The final challenge over at Khara House’s Our Lost Jungle was to create your own poetic form and write a poem or two using that form. In some ways this was a daunting challenge but after I gave it some thought I realized all poetry forms come out of some poetry writing. The daunting part was Khara, bless her heart, wanted us to write the form and fit the poem to it. I suppose it wouldn’t be a challenge to place the horse before the cart.
I am big on postcards (I’m postcardkris.blogspot.com) so this was a way to combine my lifelong postcard hobby and my poetry pursuits. I’ve written and collected a lot of postcards and written lots of poems on the backs of postcards but never thought of them as postcard poems per say. This was an opportunity to set out on for some new territory.
Here are my postcard poetry form guidelines. There are seven of them. This seems like a lot but I wanted to incorporate all of Khara’s eight challenges. If you want a simpler version skip down toward the bottom. I’ve summarized them there.
- A prose poem of not more than 36 words.(rule #5)
- Consists of three monostich sentences each of 12 words or less and 12 to 18 syllables. (rule #’s 1,5,6)
- The poem will contain, refer to or mention three elements: 1) some type of travel or destination or means of conveyance, 2) reveal a secret (personal, social or cultural, etc.,) or a humorous truth about yourself or someone else that the addressee does not know, and 3) be an ekphrasis, referring to a real or imagined image postcard image. . Here is a list of ekphrastic poetry. (rule #’s 3, 4,7)
- The first two sentences will be grammatically parallel; the third can be any structure. (rule #,4,7,8.
- Two of the sentences will have either an internal rhyme, alliteration or end rhyme. (rule #’s 2,6)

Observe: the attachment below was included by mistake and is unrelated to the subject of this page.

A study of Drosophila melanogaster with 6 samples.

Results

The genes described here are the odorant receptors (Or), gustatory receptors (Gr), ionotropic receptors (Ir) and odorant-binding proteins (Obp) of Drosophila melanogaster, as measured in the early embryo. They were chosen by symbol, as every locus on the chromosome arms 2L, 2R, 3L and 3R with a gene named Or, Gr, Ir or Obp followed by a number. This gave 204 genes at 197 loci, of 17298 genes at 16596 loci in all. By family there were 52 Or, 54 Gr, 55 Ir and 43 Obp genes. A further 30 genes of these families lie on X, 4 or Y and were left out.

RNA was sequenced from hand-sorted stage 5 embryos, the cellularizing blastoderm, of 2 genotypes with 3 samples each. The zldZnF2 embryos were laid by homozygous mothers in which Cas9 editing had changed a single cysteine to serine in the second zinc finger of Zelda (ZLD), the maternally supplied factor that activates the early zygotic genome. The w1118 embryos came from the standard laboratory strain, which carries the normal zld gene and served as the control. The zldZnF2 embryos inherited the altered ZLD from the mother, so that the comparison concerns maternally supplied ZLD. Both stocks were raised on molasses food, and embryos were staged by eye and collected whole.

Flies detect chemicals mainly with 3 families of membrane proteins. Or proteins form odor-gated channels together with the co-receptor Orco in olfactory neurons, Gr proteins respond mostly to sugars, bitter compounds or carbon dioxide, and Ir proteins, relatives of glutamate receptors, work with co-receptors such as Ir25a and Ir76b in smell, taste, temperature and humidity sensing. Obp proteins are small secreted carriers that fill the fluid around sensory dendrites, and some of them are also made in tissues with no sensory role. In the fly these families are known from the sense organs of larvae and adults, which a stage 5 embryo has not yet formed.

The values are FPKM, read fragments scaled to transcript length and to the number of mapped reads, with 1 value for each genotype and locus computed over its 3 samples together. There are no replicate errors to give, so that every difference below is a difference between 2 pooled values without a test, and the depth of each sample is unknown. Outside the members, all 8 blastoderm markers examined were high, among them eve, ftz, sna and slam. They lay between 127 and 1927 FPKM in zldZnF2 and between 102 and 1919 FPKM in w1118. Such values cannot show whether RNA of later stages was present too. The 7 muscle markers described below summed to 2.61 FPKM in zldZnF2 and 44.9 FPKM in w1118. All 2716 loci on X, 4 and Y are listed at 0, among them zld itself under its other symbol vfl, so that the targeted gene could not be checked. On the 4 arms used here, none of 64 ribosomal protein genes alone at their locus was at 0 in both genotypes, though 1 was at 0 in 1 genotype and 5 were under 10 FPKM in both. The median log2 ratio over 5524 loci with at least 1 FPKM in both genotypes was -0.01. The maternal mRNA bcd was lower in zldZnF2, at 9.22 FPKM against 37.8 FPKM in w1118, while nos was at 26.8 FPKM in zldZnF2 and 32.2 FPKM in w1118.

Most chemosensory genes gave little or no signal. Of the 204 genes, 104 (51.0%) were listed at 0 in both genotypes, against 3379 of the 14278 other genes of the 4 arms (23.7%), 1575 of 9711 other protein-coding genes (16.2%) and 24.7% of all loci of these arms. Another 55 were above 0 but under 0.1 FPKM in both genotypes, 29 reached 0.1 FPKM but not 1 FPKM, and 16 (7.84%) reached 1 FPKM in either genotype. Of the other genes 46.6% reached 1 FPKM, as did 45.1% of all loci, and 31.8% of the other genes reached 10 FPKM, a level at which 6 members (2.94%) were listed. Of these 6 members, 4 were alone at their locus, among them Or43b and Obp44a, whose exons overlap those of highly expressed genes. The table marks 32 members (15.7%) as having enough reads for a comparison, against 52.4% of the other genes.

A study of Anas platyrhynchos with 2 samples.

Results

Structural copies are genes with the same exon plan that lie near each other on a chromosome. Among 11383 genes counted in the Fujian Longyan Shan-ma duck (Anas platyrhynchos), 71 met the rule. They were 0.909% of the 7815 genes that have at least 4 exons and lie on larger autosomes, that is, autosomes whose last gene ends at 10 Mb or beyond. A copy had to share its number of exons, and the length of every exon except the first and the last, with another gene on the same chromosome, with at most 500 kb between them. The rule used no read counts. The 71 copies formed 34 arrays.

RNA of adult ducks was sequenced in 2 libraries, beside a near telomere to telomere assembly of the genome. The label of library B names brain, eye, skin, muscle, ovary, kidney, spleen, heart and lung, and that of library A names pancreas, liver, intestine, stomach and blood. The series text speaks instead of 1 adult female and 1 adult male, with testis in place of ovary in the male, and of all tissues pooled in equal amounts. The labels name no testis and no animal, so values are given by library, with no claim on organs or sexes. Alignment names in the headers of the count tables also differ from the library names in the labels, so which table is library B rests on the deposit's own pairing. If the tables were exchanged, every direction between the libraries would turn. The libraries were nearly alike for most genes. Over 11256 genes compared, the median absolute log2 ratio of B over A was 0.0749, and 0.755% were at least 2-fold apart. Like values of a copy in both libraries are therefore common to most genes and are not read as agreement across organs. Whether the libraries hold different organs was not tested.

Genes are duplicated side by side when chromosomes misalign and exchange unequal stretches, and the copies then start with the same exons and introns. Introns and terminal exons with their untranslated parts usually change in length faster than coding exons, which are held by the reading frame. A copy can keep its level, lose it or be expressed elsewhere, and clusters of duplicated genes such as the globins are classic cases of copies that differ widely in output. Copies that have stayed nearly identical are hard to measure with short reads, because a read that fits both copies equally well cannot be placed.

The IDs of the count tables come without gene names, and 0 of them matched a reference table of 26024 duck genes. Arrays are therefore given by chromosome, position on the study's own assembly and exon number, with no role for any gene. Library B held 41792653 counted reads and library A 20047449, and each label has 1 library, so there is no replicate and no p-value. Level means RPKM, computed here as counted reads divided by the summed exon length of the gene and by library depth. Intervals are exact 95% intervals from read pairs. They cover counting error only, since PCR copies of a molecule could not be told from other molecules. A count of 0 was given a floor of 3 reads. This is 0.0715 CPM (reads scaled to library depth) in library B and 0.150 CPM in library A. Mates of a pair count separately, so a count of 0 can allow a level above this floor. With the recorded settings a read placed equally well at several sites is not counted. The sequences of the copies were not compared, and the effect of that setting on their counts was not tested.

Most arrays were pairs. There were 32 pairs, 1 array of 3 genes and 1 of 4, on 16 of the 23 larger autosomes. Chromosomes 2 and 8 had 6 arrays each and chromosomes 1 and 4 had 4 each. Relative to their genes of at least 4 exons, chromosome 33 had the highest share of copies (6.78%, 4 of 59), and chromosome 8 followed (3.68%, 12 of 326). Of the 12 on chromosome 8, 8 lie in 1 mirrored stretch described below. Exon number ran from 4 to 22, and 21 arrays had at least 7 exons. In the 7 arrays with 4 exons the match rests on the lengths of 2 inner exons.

- There must be at least one figure of speech or trope (see list here), metonymy, metaphor, simile, personification, synecdoche, allegory, symbol (to name a few) in the poem. (#6,7)
- Finally, the poem must be addressed to a person’s first name (real or imagined) and have a closing. (rule #8)
This may seem like a lot of rules (OK, I admit it is a lot of rules) but it is not so different than writing a postcard message. Hopefully, it will serve as a kind of literary echo of the normal postcard message. The rules should function to enhance the writing and bring forth something out of our poetry compost (Khara’s lost jungle) that may grow into a poem that blooms for us and may hold significance for readers in each season of our lives.
If you don’t like these rules, try this. Write a poem of one and no more than three sentences of roughly equal length with a maximum of 36 words total that resembles a postcard greeting. Imagine writing to a loved one (or hated one) back home from an exotic (or boring location) and mention the image on the postcard you are writing on. Use colorful language (figures of speech: metaphor, simile, hyperbole. End with a short closing phrase and your first name (real or imagined). Include a closing phrase with your name if you wish.
The advantage of postcard poetry is that you never can run out of inspiration. All you need is a postcard and some imagination. Here is an example.
Here’s Picasso’s two hands with flowers. You and I now know love is never that bright or simple.
I’ll sign the papers before we get to Vegas.
Don’t look back, Kris
Now, it’s your turn. Try your hand at a postcard poem. Let me know how it comes out.